UNDERSTANDING UTERUS FUNCTION WILL HELP US UNDERSTAND PRETERM LABOUR
The pregnant uterus and the brain are the only two remaining organs in the human body where there is scientific disagreement on how they actually work. A better understanding of uterus function is essential to enable us to answer vital questions about preterm birth and how to prevent it. Recently, Borne collaborator Dr. Roger Young proposed a new mechanism of function for the uterus that seems to accommodate the historical modern data.
A major controversy exists among clinicians and scientists about how the uterus coordinates the muscular contractions in all its parts, or regions. The pregnant uterus and the brain are the only two remaining organs in the human body where there is scientific disagreement on how they actually work.
For the uterus, this lack of understanding is fairly surprising. The uterus is primarily composed of only one type of cell – the smooth muscle cell – which is responsible for creating uterine contractions. Other than sensory nerves, there are no nerves that control the contractions like with skeletal muscle, and no special pathways for signalling like with the heart.
This lack of understanding has probably contributed to our inability to precisely control labour, and without control, unfortunate outcomes occur too often. Borne is particularly concerned about our inability to stop preterm labour, and our inability to fully understand dysfunctional labour that leads to Cesarean Section deliveries. Clearly, a better understanding of how the uterus contracts is required.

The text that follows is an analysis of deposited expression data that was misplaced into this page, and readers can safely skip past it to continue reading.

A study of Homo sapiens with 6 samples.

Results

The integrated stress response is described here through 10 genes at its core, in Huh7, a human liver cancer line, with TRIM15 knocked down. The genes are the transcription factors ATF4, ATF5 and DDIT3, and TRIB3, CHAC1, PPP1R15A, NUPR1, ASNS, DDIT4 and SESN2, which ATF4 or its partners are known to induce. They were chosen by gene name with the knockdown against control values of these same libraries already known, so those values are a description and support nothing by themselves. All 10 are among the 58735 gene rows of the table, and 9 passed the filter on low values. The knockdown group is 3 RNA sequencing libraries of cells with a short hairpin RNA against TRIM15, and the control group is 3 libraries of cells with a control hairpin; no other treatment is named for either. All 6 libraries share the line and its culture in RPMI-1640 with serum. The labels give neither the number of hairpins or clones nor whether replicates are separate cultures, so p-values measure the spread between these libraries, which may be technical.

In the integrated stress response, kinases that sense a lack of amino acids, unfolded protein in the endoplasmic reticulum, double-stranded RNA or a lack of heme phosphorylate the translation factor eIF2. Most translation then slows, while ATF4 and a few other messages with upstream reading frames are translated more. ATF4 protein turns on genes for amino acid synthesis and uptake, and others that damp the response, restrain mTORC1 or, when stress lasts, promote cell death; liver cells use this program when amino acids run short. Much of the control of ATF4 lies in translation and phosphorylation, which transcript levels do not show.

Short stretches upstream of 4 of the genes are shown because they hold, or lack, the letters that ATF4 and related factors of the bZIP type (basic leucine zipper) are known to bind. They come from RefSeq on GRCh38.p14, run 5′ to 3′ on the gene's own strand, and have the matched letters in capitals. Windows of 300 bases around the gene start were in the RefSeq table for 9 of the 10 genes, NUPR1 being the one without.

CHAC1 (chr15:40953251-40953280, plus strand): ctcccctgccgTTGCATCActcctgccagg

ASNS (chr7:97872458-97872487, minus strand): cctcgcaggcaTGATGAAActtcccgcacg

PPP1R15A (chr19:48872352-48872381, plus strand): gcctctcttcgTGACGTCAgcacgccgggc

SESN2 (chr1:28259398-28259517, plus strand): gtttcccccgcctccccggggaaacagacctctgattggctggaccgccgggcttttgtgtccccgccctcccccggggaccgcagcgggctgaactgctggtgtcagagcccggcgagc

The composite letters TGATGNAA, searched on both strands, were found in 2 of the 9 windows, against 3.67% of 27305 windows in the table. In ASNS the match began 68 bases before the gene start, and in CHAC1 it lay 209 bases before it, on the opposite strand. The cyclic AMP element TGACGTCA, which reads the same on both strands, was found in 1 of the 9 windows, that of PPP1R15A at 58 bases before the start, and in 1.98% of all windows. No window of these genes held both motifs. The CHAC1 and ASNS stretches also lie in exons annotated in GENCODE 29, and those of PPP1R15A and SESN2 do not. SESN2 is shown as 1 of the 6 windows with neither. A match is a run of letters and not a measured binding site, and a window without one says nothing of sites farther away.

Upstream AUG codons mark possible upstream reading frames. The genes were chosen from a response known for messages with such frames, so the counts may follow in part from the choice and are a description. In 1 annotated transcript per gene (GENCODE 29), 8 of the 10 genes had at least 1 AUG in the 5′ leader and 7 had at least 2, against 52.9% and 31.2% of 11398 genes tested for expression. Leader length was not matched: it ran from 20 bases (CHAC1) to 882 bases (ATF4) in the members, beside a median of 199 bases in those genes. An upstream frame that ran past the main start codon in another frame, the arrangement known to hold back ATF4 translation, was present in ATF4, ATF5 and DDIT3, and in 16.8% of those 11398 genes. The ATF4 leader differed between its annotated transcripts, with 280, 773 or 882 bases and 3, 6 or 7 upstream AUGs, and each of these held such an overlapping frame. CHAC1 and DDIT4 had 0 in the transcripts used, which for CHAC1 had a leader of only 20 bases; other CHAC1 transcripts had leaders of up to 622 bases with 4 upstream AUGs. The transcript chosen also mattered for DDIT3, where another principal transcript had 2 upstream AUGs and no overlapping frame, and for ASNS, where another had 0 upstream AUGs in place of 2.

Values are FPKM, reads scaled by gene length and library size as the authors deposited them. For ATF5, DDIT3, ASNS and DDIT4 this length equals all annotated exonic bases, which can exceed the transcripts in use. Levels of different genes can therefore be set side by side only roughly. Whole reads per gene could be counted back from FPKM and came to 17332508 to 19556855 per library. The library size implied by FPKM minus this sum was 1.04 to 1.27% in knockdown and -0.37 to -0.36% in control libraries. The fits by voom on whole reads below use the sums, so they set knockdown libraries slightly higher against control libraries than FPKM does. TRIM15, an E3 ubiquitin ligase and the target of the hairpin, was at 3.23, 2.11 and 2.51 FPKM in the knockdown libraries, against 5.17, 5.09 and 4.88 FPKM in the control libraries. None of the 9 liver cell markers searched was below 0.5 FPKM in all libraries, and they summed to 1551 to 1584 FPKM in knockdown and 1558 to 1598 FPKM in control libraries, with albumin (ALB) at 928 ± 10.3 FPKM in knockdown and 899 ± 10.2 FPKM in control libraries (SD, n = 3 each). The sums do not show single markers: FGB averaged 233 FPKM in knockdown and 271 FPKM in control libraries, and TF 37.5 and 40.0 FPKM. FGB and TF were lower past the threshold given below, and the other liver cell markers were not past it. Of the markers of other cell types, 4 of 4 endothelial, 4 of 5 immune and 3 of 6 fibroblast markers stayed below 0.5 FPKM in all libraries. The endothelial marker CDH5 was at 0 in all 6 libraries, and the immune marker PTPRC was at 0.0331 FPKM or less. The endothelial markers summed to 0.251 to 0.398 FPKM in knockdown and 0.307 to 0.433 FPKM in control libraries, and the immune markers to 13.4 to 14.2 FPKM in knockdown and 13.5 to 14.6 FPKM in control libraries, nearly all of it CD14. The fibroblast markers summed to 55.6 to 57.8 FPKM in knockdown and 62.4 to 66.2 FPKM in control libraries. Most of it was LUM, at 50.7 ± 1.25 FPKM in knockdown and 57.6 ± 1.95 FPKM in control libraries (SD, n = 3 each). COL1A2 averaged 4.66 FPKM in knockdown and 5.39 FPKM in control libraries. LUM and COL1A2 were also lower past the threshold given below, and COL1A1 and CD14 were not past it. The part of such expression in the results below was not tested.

“With this new framework for uterine function, it now seems possible to understand the enigma of human labour.”
The key element of understanding of this research was that the pregnant uterus is fluid-filled and pressurised. Because of the pressure, each region of the uterus experiences a mechanical tension that is shared with all the other regions. This hydraulic-mechanical signalling allows the regions of the uterus to rapidly communicate with each other, much like the brakes on each wheel of your car can be activated at the same time by foot pressure at a remote location.
While the Dual mechanism is simple to describe, it took 5 years of dedicated research for the scientific community to begin to accept this as important for uterine functioning. Further work needs to be performed to establish important details of the Dual mechanism, specifically pointed towards stopping preterm labour and normalising dysfunctional labour. However, with this new framework for uterine function, it now seems possible to understand the enigma of human labour.
With this new understanding, Borne has high hopes that additional research will find new clinical treatments. Continuing to improve understanding is the only way to gain better control of labor, so that someday soon the word “impossible” can be removed from the practice of clinical obstetrics.